Tuesday, September 06, 2005

D.I.Y. Wedding

Note: These photos are hosted in different places, so sizes may not be consistent

Getting married in Thailand - for people of two different nationalities like Roy & I are - is actually simpler than it would be in our own countries.

We got affadavits from our respective embassies, saying we were free to marry and had no dependents.

Then we went to Express Translation in Bangkok, where we had all our documents translated from English into Thai:


The day before our drive over to the next island, we took a test spin around Koh Lanta Yai (where we were staying) on a motobike:



Our clothes were made from hand-woven Cambodian fabric: R's of raw silk, and mine of the many blueprint photo trials I've printed on silk recently. What to do with all of these silky blue pieces of fabric? I'd wondered back in July. Why not have them made into my wedding dress?
So a local tailor made the dress from my sketchy drawings, in 2 days. R's jacket was made in Bangkok.

After taking morning photos on the beach, I pinned up my skirts and sat sideways for the 27km trip to town, to catch a ferry to the Amphur.

Longtail boats have a beautiful design, and this was our first time on such a small ferry,




R. at the end of the road on Koh Lanta Noi. He had to drive up a sandy beach to get to the only road on the island, to the nearby Amphur.





Outside the Amphur, straightening our clothes, I found the right angle to get both of us in the photo:



Wore a scarf to cover my shoulders: protection from the sun and also as Koh Lanta, like Phuket and many other islands in the region, is predominantly Muslim.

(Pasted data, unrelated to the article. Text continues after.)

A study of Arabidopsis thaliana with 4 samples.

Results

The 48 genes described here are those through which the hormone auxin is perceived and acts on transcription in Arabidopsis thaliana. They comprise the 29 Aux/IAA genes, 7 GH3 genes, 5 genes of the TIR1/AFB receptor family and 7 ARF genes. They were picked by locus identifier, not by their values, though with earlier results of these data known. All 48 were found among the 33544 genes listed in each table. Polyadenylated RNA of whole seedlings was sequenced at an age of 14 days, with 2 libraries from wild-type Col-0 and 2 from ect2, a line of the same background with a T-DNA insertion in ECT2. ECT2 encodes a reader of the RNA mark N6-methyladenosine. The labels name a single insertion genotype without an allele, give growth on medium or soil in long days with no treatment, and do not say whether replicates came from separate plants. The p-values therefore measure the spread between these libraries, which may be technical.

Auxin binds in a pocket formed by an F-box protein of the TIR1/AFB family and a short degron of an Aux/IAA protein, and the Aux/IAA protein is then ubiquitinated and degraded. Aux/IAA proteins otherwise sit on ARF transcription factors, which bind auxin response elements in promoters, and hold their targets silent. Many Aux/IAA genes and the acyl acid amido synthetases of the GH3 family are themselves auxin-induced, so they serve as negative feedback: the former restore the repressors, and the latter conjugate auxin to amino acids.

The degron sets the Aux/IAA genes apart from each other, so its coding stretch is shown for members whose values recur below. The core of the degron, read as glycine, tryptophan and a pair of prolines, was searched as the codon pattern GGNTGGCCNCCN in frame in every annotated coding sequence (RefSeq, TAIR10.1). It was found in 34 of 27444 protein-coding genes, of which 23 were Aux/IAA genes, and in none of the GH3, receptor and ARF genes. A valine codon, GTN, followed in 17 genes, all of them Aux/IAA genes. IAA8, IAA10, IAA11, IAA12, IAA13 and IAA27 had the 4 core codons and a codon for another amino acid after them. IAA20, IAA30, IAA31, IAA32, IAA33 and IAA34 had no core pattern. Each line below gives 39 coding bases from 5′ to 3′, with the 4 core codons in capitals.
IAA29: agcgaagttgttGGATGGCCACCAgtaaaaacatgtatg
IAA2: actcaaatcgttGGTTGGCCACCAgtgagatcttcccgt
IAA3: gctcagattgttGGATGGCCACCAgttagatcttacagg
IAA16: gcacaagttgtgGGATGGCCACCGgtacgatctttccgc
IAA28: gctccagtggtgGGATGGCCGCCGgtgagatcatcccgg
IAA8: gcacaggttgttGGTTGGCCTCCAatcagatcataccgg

We walked inside, having no idea where to go. Of course there were no signs in english. Went into the air-conditioned office, which turned out to be the tax-paying department. They laughed at us, once they discerned what was going on, and took us to the marriage office on the other side of the Amphur.

There were no problems, the only glitch was translating my birthdate from our western Gregorian calendar to the Thai Buddhist calendar.

After we were given our marriage certificates, I asked the man, "How much for the service?" In Koh Lanta Noi, the official said, there was no charge at all.

We grinned, and went outside. Drove 300meters to where the asphalt ended at a deserted beach. Guidebooks say Koh Lanta Noi is of no interest to tourists and completely surrounded by swampy mangroves. We suspect they've left out any mention of these beaches, so they're not overrun by tourists like us.




Stumbled across a seafood restaurant in a remote part of the island, so stopped for lunch:



But this sunset was truly radioactive:





At our wedding dinner: plenty of champagne, drunk with toes in the sand, and an incredible sunset with better company than I'd ever imagined I'd meet.


Now we're in the historic town of Malacca, Malaysia, staying at historic Hotel Puri Hotel Puri. Just another week or so together before I go back to teaching photography in Cambodia, and R will head to Hong Kong.